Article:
As is known through Kabbalistic understanding, the soul is in transition after death for the week of mourning, Shiva. Therefore, we all attend our own funeral. With that in mind this eulogy is directed to you Dad.
I am speaking openly to you with all these mourners around to hear. I know you would want us to celebrate your life rather than mourn your death–and we will–but allows us to do a bit of both.
How much easier, Dad if you would have been less than you were. I could have made up some noble sounding descriptions which people would recognize right away as "eulogy talk".
But the problem is anything I say about you will just be words. Those of us fortunate enough to have known you, know the truth–words will never do you justice.
Perhaps a silent eulogy of the heart would be more appropriate–one you would hear as assuredly as you are with us today.
You had special qualities which defy easy explanation.
I could say you were kind, loving, attentive to the needs of others, self-sacrificing, modest, decent, caring. There was a strong, gently quality about you, a sweetness that permeated your smile.
You had some kind of knack of meeting everyone on the same level–human being to human being–with a broad warm smile, an easy laugh, an open heart.
To you there was no difference between rich or poor, king or servant–they were just people–human beings like yourself. You would engage them in conversation–they would remember you always.
I could say you were grateful for what you had in the world of material possessions. Jealousy and envy were such ridiculous wastes of time to you. But most importantly, your gratitude was for the gift of love which you shared with so many.
You had your share of adversity–from the wounding on the battlefield in Nancy, France in WWII, your life-long disability which never defined you, to the loss of your first born daughter Janice, to the loss of the love of your life–Millie.
You remained undeterred in your exuberance for life and hope for the future.
Even after that long and tortuous hospital stay this Fall at JFK you spoke to Seth of your hopes and dreams. We still marvel at your courage and optimism.
I could say that you valued family, friends, country and faith.
Family. You told me of your first job working as a young boy at a soda fountain. You came home and gave half your money to your mother, some to your sisters and kept the rest. But you admitted you probably ate more in ice cream than your salary. When I asked you why you did it you answered, "because I saw my siblings do the same. That's just what my family did."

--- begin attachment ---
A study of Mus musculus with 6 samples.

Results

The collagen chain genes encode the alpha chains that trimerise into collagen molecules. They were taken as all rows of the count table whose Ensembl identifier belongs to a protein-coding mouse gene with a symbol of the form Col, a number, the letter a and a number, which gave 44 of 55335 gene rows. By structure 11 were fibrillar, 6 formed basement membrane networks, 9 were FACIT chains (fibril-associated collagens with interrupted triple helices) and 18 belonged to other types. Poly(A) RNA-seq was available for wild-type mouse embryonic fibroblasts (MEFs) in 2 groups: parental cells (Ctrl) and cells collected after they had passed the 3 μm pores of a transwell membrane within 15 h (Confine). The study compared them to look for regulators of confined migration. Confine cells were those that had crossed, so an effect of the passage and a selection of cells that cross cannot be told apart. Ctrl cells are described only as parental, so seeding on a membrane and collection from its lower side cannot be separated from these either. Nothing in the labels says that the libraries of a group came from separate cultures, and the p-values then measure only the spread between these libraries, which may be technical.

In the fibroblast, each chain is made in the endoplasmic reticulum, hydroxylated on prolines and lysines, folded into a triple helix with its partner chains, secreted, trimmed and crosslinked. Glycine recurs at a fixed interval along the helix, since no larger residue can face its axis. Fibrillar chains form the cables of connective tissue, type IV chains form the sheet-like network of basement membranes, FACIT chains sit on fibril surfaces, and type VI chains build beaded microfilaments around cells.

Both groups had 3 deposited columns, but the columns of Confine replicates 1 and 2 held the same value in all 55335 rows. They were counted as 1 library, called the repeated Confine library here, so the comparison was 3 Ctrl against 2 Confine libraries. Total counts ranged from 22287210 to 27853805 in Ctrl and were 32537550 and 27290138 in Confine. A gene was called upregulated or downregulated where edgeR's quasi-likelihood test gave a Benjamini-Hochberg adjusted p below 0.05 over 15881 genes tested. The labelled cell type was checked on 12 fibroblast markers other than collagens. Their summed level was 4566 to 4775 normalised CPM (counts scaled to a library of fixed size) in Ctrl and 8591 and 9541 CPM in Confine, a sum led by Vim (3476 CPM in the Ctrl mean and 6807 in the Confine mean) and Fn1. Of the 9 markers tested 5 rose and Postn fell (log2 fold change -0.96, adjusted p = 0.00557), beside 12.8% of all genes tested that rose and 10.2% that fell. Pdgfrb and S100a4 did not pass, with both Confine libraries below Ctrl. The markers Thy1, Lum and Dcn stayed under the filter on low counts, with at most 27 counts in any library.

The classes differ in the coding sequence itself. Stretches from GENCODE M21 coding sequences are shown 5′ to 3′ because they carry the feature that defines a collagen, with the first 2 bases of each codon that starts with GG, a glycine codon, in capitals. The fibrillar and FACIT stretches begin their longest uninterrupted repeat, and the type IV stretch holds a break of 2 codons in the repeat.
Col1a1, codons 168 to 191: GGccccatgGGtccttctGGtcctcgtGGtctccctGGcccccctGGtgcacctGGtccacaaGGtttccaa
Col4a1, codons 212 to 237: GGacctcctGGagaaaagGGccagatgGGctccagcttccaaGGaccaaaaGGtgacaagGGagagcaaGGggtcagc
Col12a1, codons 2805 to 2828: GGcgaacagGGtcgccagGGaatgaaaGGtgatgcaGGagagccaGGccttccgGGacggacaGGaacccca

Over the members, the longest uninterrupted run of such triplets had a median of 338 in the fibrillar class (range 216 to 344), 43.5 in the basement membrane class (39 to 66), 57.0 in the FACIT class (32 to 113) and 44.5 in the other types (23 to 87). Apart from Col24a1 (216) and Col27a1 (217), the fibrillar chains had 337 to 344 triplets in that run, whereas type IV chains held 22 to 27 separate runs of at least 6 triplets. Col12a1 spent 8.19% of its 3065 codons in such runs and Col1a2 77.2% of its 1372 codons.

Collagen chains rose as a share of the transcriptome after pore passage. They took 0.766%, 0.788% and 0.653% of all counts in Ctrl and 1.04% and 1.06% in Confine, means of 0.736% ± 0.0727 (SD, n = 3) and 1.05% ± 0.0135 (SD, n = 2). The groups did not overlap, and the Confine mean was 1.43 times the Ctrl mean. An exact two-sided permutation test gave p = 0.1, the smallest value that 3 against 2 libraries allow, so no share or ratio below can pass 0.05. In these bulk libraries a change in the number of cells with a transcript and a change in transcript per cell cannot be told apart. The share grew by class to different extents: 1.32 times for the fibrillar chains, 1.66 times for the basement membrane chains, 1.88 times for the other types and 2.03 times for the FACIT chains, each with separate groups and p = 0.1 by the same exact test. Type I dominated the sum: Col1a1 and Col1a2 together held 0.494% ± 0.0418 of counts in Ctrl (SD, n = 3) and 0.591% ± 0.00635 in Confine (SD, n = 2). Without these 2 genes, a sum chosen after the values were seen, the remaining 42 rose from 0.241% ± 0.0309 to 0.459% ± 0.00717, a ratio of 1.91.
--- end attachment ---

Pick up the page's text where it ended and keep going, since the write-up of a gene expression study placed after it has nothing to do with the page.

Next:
Friends were always important to you. Especially when they exhibited the devotion to others you so highly respected.
Faith. You were deeply committed to Judaism. It had sustained your ancestors over thousands of years of travel and travail. But as dedicated as you were to it, I never heard you disdain any other faith. You only expected mutual respect–and you always showed it.
Country. You loved the land that welcomed your immigrant parents from the interminable anti-Semitism of Czarist Russia. You were proud to serve and nearly give your life for the Armed Forces. But you could criticize it when you felt it was necessary. ( Post Achille Lauro exchange with Senator Frank Lautenberg–under next posting)
Role Model. Not with words or platitudes but with your deeds, how you lived your life did I learn the meaning of love in action. You honored and respectded your wife, my mother–always. You were always there for us as well.
Pop. I could say that you were eternally young, optimistic. You said, "if I can just get a little stronger I'll go to Florida next winter."
You were so comfortable in your own skin that you allowed others to feel comfortable in theirs.
During those long hospital stays over the past 4 1/2 years you continually bounced back from life-ending disease stated. Bad enough to take out someone half your age. I began to compose eulogies in my mind many times. But you fought back, defying the experts. Good thing you didn't know how sick you really were.
And even now when your body could not sustain the strength of your spirit, as you approached death, you never stopped knowing that life was a precious gift, not a guarantee.
You loved openly and deeply.
For this and more I will be eternally grateful and will always love you.